National investment banks
State-backed investment banks exist to provide finance where private banks may be reluctant to do so – in disadvantaged regions, new technologies or in sectors where returns are not considered high enough or too risky.
They are particularly valuable for providing 'patient' capital. This is long-term finance that is beyond the time horizon of most commercial banking but which is essential for innovation and strategic economic development. In very different circumstances, China and Germany both provide evidence.
The UK is unique among major advanced economies in not having a national investment bank. Its advocates argue that such a bank would increase investment in innovation and meeting major mission-focused industrial transformations, such as building a green economy. The depth of the economic crisis caused by Covid-19, and its potential impacts on private finance, has added new urgency to these proposals.
Giles Wilkes argues for the Institute of Government that the scale of economic turmoil unleashed by Covid-19 means new institutions will be needed to support investment financing, including a publicly-owned State Reconstruction Bank.
For the Progressive Economy Forum, Professor Stephany Griffiths-Jones and Peter Rice explore key questions for the design of a UK National Investment Bank, including getting its mandate right, and funding and oversight models.
The UCL Institute for Innovation and Public Purpose examines the design and record of national investment banks in eight countries across the world, and draws lessons on how such banks can best provide patient, strategic and 'mission-oriented' finance.
Scottish National Investment Bank
There has been a Development Bank of Wales since 2017, and a Scottish National Investment Bank was launched in late 2020, supported by £2 billion of public funding over its first ten years.
The bank's mandate is to finance investment to realise Scottish economic priorities, including a greener economy. Some claim its mandate is not tight enough and it should be more deliberately focused on helping Scotland respond to environmental breakdown and supporting ethical investment.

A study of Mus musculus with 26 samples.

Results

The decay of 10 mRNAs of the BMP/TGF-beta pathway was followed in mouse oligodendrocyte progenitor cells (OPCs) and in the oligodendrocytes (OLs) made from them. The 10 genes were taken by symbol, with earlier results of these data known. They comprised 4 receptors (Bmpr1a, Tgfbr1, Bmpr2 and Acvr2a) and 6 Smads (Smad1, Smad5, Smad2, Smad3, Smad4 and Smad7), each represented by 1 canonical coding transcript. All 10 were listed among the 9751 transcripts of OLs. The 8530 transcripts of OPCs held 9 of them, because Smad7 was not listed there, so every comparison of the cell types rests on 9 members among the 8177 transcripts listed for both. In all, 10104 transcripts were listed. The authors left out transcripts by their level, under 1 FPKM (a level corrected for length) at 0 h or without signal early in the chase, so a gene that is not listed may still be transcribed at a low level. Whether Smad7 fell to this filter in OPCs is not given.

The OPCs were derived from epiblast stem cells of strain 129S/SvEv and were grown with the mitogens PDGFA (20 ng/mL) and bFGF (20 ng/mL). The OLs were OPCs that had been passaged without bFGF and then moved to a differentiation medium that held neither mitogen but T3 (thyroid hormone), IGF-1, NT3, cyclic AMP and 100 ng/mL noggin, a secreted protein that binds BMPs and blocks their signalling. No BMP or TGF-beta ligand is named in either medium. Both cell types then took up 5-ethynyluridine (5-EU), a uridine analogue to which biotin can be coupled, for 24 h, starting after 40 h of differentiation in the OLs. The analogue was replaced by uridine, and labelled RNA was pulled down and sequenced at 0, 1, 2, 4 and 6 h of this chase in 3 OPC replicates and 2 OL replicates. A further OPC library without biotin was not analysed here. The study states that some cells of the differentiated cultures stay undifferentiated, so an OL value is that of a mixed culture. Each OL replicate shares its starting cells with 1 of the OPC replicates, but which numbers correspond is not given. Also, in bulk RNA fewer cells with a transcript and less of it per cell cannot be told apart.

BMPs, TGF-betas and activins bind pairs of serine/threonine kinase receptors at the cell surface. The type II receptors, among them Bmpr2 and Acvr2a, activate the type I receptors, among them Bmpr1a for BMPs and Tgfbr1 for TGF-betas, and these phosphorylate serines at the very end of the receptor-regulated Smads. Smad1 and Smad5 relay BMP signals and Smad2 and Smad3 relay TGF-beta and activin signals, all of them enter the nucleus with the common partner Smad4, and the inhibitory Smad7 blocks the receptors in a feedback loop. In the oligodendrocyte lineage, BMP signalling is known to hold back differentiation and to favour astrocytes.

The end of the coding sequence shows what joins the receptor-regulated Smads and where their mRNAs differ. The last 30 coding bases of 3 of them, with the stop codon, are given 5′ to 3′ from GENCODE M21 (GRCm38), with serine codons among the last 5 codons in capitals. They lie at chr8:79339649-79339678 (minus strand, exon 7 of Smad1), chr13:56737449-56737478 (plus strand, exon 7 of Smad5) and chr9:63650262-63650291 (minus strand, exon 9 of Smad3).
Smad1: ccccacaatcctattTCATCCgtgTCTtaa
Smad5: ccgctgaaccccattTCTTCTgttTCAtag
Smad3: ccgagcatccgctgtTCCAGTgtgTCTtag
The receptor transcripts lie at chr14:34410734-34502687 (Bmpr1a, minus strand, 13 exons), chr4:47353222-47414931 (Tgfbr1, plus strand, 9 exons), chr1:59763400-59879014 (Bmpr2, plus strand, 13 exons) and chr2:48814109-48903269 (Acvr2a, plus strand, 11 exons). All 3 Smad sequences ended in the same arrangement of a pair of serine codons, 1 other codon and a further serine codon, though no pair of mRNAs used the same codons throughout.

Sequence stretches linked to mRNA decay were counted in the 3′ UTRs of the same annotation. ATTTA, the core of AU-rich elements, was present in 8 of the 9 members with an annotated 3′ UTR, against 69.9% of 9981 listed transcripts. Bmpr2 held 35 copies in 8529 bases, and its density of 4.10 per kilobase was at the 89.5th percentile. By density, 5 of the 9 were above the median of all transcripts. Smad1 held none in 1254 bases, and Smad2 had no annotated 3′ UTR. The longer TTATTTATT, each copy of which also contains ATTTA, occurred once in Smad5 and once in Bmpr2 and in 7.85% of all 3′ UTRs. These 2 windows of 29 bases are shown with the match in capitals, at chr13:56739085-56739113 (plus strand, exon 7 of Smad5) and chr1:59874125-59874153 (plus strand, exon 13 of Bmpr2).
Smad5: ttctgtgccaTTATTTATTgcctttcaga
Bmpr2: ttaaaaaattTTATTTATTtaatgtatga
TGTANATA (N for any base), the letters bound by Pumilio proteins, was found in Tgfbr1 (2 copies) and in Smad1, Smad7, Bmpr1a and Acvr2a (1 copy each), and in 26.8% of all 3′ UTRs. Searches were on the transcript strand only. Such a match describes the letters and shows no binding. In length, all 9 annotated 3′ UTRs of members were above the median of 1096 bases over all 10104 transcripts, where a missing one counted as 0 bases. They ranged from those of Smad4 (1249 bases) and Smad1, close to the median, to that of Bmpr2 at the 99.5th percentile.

UCL Institute for Innovation and Public Purpose sets out a framework for a mission-focused Scottish National Investment Bank. This maps different potential national missions such as decarbonisation to the sectors and solutions that are most in need. It also recommends meaningful public participation in deciding these missions, and for specific, measurable targets to judge whether they are being delivered.
Friends of the Earth Scotland and others have campaigned to secure a more specific set of ethical investment criteria and low-carbon purpose to the Scottish National Investment Bank.
Local and regional banking
Geographically-focused banks can play a major role in boosting investment, particularly in disadvantaged areas. They can help to retain wealth within local areas and support greater economic resilience. Distinct from merely the local branch of a high street bank, there are two types of such bank.
The first are localised branches of publicly-owned national investment banks, with a specific remit to support the investment needs of local areas. In the UK it has been proposed that this could be done by creating publicly-owned Post Banks through the Post Office network, or by the government retaining its stake in the Royal Bank of Scotland (RBS) and repurposing it as a series of local banks.
An alternative model would see the expansion of locally-focused cooperative, credit union and community finance organisations. Such institutions have a greater emphasis on high-street and branch banking and excel at lending to smaller businesses.
There is a growing movement to create a network of regionally owned and controlled mutual banks, where customers automatically become co-owners.
All In, the Royal Society of Arts and others make the case for a community savings bank for the North East, in response to the abandonment of many communities due to the closure of retail bank branches. South West Mutual is aiming to be a regional high street bank exclusively focused on the south west of England.
The New Economics Foundation proposes that the UK government retains its majority stake in the Royal Bank of Scotland and transforms it into a public banking network.
The Communication Workers Union and the Democracy Collaborative propose the creation of a publicly owned Post Bank network supported by regional development banks.
Common Weal presents the case for a local, mutually-owned 'public-good banking network' in Scotland to restore bank branches to communities which have lost them.
The New Economics Foundation explores the benefits of cooperative banking. It cites international evidence showing that mutually-owned banks are more focused on supporting high streets, are better at lending to SMEs, and are likely to be better managed and more stable in a crisis. It has published a guide for those who might wish to establish a new regional community bank.